THE good news just keeps on coming. Following a number of positive surveys on confidence comes news of the highest British export figures since the 2007 downturn.
On top of that net lending to companies by the banks has increased for the first time since January and inward investment continues to benefit Britain more than other countries.
Add in the £800 million that Volkswagen is investing in the UK to build a new Bentley sports utility vehicle and there is plenty to smile about. It even stopped raining yesterday to allow the sun to reappear.
The figures and trends bode well for tomorrow’s second-quarter gross domestic product (GDP) data which is expected to show that economic growth accelerated from 0.3 per cent in the first three months to about 0.6-0.7 per cent.
Yesterday we had news that John Lewis was adding its name to those retailers such as DFS and Sir Philip Green’s Arcadia group who are increasing the volume of goods they will be buying from British factories.
All this is bound to be a pick-me-up for the coalition and for Chancellor George Osborne in particular who has been keen to rebalance the economy away from a reliance on financial services to manufacturing.
However, in spite of the anecodotal evidence the data is not likely to show that such a shift is taking place.
That said, growth seems to be taking place across the board, with exports for services companies growing at a record rate.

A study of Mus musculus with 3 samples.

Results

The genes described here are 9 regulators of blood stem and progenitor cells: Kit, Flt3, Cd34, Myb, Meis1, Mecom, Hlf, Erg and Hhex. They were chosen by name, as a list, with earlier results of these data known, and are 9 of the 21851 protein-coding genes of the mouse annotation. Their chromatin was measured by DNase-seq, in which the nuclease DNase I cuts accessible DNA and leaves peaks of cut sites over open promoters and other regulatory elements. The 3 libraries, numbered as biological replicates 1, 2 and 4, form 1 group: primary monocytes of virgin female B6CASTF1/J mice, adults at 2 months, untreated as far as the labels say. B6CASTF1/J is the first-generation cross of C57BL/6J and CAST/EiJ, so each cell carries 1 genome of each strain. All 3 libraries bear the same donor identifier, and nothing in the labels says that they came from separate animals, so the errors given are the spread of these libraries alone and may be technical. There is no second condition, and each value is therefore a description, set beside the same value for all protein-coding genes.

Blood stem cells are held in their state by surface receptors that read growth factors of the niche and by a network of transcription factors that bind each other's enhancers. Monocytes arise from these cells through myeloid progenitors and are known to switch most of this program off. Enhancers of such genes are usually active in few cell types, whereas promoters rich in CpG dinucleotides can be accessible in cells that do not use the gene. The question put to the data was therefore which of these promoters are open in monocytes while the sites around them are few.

This unexpected upturn will have an impact on thinking at the Bank of England, whose new governor Mark Carney may be relieved of too much pressure to crank up the economic stimulus packages at his disposal.
Bluff and bluster in battle for the skies
MIchael O’Leary’s battle with the competition authorities over his attempts to buy Aer Lingus has been one of the longest-running takeover tussles for many a year.
It has also been a giant game of bluff, with neither side coming out with too much credit.
Much of it has been bluster on the publicity-seeking O’Leary’s part and his latest pledge to sell his 29.8 per cent stake to anyone who wants to buy the airline looks, on the face of it, like another bit of posturing.
However, analysts believe there are no other bidders and that his gesture proves that there are no competition issues.
When the Competition Commission makes its final decision in September it may force him to sell his stake. But O’Leary will claim there are no buyers, leaving him holding a minority stake in an airline that does not want him on board.
SLI needing to avoid losing more top staff
BANKERS always claim they have to pay the going rate, aka big bucks, in order to hire and hold on to good staff.
While mere mortals in the rest of the workplace claim this as greed dressed up as flannel, there is nothing new in paying top dollar to attract and retain the best people.
Standard Life Investments is looking to review its pay structure after losing top fund manager Euan Munro to Aviva Investors and others in its top team.
Munro’s successor Guy Stern believes SLI does pay enough to keep top staff. But if it wants to stay among the top performers then it may have to pay whatever it takes.